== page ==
If you’ve seen the poster for the film “Girl Flu,” you may be able to guess what this indie film will be centered around; a barbie doll clutching a tampon string seems to indicate only mean one thing: a first period. Unabashedly bold, first-time writer/director Dorie Barton puts one twelve-year-old girl’s sudden transition into womanhood at the center of this coming of age tale but, unfortunately, the lack of depth beyond the initial shock and awe of this often taboo subject, leaves the audience wanting so much more.

Having recently relocated from the valley to Echo Park, 6th grader Robin (Jade Pettyjohn), who also goes by the name “Bird,” is very mature for her age as evident by the daily positive, handwritten affirmations flooding the walls of her room. Immediately, we see that she is way more responsible than her 30-year-old mother Jenny (Katee Sackhoff) who smokes pot in her daughter’s presence, sleeps until noon, complains that she hates grocery shopping, and for no apparent reason at all, has Bird take a city bus to a school event while she literally eats breakfast in bed. Jenny’s “free spirit” is like that of Gillian Jacobs’ character, Mickey in Judd Apatow’s TV show “LOVE,” and her hipster-ness can be so over the top that at times, it is hard to relate to her.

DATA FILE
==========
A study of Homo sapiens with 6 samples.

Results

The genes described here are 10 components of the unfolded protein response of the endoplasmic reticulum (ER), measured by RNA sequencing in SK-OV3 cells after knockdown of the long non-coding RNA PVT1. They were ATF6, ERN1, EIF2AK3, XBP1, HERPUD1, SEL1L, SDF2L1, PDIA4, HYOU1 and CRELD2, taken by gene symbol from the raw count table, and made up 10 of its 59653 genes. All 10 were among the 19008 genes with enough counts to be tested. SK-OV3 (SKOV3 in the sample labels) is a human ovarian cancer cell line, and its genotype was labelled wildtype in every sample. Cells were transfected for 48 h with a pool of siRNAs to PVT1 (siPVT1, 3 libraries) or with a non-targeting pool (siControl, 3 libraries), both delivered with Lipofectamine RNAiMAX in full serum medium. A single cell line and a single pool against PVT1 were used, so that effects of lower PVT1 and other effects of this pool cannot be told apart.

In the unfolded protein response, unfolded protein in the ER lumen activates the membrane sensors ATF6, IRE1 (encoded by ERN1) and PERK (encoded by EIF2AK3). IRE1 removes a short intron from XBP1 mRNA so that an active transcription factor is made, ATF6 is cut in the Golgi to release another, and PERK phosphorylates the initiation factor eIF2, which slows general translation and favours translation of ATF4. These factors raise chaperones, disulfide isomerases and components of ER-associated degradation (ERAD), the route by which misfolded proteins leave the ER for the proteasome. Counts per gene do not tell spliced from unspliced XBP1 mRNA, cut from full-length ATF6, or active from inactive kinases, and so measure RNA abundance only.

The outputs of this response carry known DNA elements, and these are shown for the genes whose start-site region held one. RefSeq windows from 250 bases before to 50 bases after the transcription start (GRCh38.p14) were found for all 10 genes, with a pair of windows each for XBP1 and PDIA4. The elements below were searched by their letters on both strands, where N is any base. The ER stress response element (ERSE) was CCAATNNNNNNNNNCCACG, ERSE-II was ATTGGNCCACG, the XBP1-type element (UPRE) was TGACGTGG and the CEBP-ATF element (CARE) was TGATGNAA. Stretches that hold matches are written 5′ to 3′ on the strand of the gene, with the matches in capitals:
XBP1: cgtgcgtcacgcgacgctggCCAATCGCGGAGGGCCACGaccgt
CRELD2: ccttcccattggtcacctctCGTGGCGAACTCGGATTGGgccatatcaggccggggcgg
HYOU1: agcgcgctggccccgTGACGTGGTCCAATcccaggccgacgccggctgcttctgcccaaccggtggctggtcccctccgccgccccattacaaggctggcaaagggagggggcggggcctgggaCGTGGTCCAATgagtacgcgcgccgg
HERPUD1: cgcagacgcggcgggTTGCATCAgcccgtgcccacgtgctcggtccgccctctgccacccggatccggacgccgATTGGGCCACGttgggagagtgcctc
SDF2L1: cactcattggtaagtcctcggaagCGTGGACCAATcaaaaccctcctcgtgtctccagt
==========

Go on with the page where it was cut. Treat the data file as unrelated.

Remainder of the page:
It is during this school event when, what seems to be every girl’s worst nightmare, comes true. Bird gets her first period– wearing white pants no less. What happens next, and for the remainder of the film, is cringe worthy, lingering awkwardness between the characters, the situation, and the film in general. Jenny laughs at her daughter and embarrasses her despite pleas to stop. Mom and daughter even attend a ritual to celebrate her first period, complete with flower crowns and glitter paint. While there are some moments of authenticity, mostly coming from Bird, one can only hear the phrase “blood gushing out of me” so many times.

Unfortunately, that is all this film offers- a girl gets her period and her mother doesn’t know how to be a mother when she is most needed. The attempt Jenny makes to treat her daughter like a best friend comes off as extremely selfish, going so far as saying that Bird is ruining her life. Jenny does eventually semi-confront her carelessness but by this point, it’s too little too late. She has dug a hole so deep that it’s asking a lot of the audience to accept the apology and find any redeeming qualities in her.

We leave “Girl Flu” wondering what more the story could have been. Pettyjohn gives a good performance as a strong, independent young woman and it is with her where our trust in the film lies. Luckily, she delivers. Jenny’s love interest Arlo (Jeremy Sisto) is another voice of reason that we hold onto to guide us through the chaos of female puberty. However, the script lacks the necessary elements to make “Girl Flu” an emotionally compelling story, therefore falling into our list of easily forgotten festival films.